Pat Yacono split from the adworld to dedicate
new Signal Hill Sound to independent features

Rerecording mixer/Sound designer Pat Yacono has seen the future and there’s nary a spot in sight.

The future for his new Signal Hill Sound is independent films. In fact, his Barrington studio was built exclusively to provide audio services for features.

“No other audio post house between coasts can guarantee that level of commitment,” Yacono emphasized. And he is dead serious about his commitment to features?with no looking back to his 16 years in advertising.

For the past six years Yacono operated his own audio studio (The Playroom, later Mixture) before teaming with Tom Wiebe’s Earhole in 2003. Earhole moved into Yacono’s Illinois St. space and acquired his equipment.

Yacono felt sympatico to indie filmmakers, but he couldn’t work with them because of the higher cost factor.

“Frustrated, I said ?no more.’ I’d met some great people and worked on some fantastic commercials, but it just wasn’t what I wanted etched on my tombstone,” he said, and gladly exchanged Michigan Avenue for the exurbs.

Since opening last January, four features have kept Signal Hill consistently and intently busy: Brad Wells’ “Dark” directed by Darryl Bullock; writer/producer Rosie Goldberg’s “Bloom” directed by Julio De Los Santos; Deamscape’s “Disconnect,” directed by Robin Peters, and the biggest job so far?Moon Watcher’s “5-25-77,” directed by Patrick Read Johnson.

“Dark” has been Signal Hill’s biggest project so far. Yacono first provided “Dark” with a temporary pop score when it went out on the festival circuit. But when “Dark” was signed for November DVD distribution, Wells had Yacono write a new score that he remixed in 5.1 surround sound.

Signal Hill also boasts the Midwest’s only dedicated stage dedicated exclusively to Foley?the province of sound editor Jeff Finney?and a spectacular library of more than one million commercial and custom field sound effects, stored on hard drives.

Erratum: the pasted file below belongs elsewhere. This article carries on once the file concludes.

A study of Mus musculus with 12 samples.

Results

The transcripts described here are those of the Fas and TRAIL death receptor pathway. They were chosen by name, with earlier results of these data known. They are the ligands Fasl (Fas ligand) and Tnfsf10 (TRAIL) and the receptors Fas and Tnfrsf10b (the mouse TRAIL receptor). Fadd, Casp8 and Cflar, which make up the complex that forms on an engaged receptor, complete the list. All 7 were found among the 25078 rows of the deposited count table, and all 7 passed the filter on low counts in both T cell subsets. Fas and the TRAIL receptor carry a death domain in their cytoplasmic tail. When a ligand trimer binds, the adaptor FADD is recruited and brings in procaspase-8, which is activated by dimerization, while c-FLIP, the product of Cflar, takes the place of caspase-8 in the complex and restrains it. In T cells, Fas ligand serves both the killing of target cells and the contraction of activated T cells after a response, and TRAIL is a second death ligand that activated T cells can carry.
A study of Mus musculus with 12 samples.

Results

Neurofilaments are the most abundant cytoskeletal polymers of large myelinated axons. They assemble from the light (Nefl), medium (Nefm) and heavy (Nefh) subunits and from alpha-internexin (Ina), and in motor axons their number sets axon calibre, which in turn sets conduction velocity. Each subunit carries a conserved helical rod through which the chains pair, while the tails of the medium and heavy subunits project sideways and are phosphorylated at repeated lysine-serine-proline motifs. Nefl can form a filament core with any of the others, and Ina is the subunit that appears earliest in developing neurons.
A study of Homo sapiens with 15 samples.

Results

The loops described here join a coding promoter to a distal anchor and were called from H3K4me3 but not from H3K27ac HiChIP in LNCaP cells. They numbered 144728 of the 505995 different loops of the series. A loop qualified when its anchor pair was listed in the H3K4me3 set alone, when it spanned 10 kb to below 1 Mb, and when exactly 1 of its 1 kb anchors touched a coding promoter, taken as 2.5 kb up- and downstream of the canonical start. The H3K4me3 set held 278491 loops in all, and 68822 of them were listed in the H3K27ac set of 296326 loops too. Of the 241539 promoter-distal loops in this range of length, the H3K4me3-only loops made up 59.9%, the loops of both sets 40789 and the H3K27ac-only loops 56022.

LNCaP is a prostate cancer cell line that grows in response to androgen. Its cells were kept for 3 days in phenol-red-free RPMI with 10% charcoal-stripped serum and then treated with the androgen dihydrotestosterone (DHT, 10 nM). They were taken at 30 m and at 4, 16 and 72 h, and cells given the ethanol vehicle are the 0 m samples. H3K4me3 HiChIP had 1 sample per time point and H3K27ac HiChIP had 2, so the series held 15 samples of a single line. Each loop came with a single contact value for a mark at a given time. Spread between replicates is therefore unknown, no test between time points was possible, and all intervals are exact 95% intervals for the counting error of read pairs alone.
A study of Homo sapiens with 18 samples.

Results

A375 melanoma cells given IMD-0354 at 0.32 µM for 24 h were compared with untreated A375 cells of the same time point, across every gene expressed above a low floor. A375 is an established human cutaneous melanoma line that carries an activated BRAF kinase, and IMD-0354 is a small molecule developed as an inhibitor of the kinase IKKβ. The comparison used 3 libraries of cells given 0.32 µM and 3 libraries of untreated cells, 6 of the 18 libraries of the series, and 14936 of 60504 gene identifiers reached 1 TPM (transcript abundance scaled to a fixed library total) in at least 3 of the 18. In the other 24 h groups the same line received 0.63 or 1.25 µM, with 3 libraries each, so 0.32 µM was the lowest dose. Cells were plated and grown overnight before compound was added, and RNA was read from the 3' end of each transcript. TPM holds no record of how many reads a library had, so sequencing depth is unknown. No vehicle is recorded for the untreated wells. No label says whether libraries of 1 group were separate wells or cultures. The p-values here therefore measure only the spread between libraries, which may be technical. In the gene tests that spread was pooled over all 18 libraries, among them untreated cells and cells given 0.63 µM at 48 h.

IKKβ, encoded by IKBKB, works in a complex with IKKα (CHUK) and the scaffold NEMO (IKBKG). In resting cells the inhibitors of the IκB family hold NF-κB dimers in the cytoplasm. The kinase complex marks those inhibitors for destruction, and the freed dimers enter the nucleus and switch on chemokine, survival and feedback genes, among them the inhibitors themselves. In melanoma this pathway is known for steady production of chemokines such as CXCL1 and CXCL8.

Signal Hill Sound

Yacono invested $225,000 in building the 800-sq. ft studio, incorporating all the best features of studios he’s worked at, and equipping it with three ProTools HD Accel systems, a fully automated 24-fader console, THX-approved 5.1 surround monitors and projection screen and the Foley stage.

Projects are generally divided among Signal Hill’s sound editors, depending on that editor’s specific expertise and availability. “We’ve developed a workflow for movies that allows us to quickly finish them and do them right, developing no one’s done before,” Yacono said.

Out in Los Angeles there’s sound effects editor Stuart Provine (“Diary of a Mad Black Woman,” “National Lampoon’s Van Wilder”), and in Chicago there’s former L.A. sound editor Brian Jennings (“UF571,” “The Alamo” and, closer to home, Bob Shallcross’ “Uncle Nino”).

Chicago native Yacono graduated in 1989 from Full Sail Center, the acclaimed recording arts college in Winter Park, Fla. He then worked with composer/producer Ken Hale, whom he greatly admires, calling Hale “so damn innovative, a true artist and visionary.”

He soon started his own company and entered the world of admusic and sound. Now Yacono said, “I feel very lucky living my dream of working in features.”

Signal Hill’s phone is 312/224-1626. See www.signalhillsound.com.